Navy Officer Explained

A U.S. Navy change of command ceremony.
Cmdr. Terrence Frost (left) shakes hands with Cmdr. Matthew Erdner (right) during a change of command ceremony aboard the guided-missile destroyer USS Mason. (Kyle Loree/U.S. Navy)

If you're a college graduate or current student thinking about serving your country, you should consider becoming a Navy officer. U.S. Navy officers are among the most respected men and women who serve our country. In addition, they earn great pay and benefits.

Your first question may be, "So what is an officer?" Simply put, Navy officers are highly educated, specially trained military leaders who manage the Navy's personnel, ships, aircraft and weapons systems.


Officers in the U.S. Navy are also paid well. In fact, the starting pay for a Navy ensign is about $37,000 a year. This is just their base pay; they also get allowances for housing and subsistence. In addition, many Navy officers get special pay such as sea pay, flight pay, hazardous duty pay and more. Check out the Military Pay and Allowances section to learn more.


Navy officers are also eligible for great benefits. The following are just a few examples of the great benefits you can earn:

  • Full medical coverage
  • Full dental coverage
  • Discounted travel
  • 30 days' paid vacation each year
  • Up to $4,500 a year in tuition assistance.
  • Up to $400,000 in life and injury insurance for only $25 a month.
  • Opportunities to earn advanced degrees at the Navy's expense.
  • Use of officer's clubs and other recreation facilities around the world.

Navy Officer Career Paths

The Navy can offer you several career paths if you are interested in serving as an officer. These options include:

  • Naval aviator (pilot)
  • Naval aviation (flight officer)
  • Naval special warfare officer (SEALS)
  • Submarine officer
  • Surface warfare officer
  • Law (JAG)
  • Public affairs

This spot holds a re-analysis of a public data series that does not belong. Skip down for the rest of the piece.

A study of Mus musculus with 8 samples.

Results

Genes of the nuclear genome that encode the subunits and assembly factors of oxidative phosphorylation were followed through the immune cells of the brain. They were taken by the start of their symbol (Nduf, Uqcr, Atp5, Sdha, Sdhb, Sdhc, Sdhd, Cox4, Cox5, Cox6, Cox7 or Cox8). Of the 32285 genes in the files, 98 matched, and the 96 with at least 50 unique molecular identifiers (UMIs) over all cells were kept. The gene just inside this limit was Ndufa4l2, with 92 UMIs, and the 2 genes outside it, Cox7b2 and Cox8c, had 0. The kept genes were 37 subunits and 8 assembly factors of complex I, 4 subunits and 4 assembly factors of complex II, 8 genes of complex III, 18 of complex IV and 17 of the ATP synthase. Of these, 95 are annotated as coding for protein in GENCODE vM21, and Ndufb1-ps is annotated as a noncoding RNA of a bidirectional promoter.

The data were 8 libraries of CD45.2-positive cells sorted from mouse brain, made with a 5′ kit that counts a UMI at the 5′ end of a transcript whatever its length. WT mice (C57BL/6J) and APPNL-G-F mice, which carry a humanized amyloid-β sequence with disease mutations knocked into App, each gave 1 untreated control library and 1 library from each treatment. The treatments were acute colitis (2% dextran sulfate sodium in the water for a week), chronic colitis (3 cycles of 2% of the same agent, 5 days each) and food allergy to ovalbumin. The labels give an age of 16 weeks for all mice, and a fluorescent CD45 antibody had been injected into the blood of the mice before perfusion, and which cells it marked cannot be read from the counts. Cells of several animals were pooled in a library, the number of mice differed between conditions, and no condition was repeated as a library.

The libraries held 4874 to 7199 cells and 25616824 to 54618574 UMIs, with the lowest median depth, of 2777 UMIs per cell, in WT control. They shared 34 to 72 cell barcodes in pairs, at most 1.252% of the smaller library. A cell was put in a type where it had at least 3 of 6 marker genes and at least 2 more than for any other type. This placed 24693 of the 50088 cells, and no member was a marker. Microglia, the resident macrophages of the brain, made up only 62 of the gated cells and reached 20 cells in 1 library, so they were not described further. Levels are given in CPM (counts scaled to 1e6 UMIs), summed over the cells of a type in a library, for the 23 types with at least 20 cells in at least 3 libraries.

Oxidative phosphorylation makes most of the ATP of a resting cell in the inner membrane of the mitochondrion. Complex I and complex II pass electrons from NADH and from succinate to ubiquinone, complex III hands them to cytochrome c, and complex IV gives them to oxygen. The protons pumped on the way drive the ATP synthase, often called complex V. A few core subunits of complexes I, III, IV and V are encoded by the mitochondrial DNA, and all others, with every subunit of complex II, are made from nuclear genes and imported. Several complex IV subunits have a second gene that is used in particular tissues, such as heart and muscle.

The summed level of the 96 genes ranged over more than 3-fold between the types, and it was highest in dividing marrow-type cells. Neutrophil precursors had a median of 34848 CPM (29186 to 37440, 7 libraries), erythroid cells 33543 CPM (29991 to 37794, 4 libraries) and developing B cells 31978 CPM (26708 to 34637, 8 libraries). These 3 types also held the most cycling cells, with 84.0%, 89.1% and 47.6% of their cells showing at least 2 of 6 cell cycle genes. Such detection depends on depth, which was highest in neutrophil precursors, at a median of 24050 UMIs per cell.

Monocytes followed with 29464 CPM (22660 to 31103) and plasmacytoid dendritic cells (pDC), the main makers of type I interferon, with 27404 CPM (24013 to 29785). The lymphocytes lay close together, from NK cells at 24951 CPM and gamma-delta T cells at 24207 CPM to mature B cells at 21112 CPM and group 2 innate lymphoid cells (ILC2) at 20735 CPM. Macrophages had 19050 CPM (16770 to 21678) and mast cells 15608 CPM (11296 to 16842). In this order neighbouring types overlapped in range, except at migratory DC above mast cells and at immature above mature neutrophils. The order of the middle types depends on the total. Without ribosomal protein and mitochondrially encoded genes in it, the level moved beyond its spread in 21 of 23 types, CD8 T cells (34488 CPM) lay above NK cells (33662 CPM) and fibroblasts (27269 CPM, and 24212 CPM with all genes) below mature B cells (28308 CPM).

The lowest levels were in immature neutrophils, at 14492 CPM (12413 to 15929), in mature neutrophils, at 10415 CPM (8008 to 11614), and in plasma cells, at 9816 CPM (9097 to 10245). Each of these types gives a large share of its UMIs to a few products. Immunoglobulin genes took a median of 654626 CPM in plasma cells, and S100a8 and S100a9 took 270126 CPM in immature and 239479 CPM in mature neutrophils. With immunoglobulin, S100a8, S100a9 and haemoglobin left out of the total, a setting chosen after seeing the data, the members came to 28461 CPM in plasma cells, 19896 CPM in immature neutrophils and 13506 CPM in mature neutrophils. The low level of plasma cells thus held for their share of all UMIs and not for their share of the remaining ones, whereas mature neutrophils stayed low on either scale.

• Health care
  • Dentistry
  • Civil engineering
  • Naval engineering

Becoming a Navy Officer

There are several ways to become an officer in the U.S. Navy. These include the U.S. Naval Academy, NROTC, OCS, direct commissioning and through the Seaman to Admiral-21 Program.

The eligibility differs from program to program. But in general, you must meet the following criteria to pursue a career as an officer in the U.S. Navy:

  • You must be a U.S. citizen.
  • You must not have reached your 27th birthday by June 30 of the year in which graduation and commissioning are anticipated.

    Note: Applicants with prior military service may be eligible for age adjustments for the amount of time equal to their prior service.
  • You must have a high school diploma or equivalency certificate.
  • You must have no moral obligations or personal convictions that would prevent you bearing arms and supporting and defending the Constitution of the United States.
  • You must be of good moral character.
  • You must be physically qualified by Navy standards.
  • And you must have qualifying scores on the Scholastic Aptitude Test (SAT) or American College Test (ACT):
    • SAT: 530 critical reading, 520 math
    • ACT: 22 English, 22 math

Next Step

If you've decided that a career as an officer in the Navy interests you, then your next step should be to contact a Navy recruiter. A recruiter can give you more information about what it means to be an officer and explain the officer commissioning programs in greater detail. So get started today and have a Navy recruiter contact you.

Interested in Joining the Military?

We can put you in touch with recruiters from the different military branches. Learn about the benefits of serving your country, paying for school, military career paths, and more: sign up now and hear from a recruiter near you.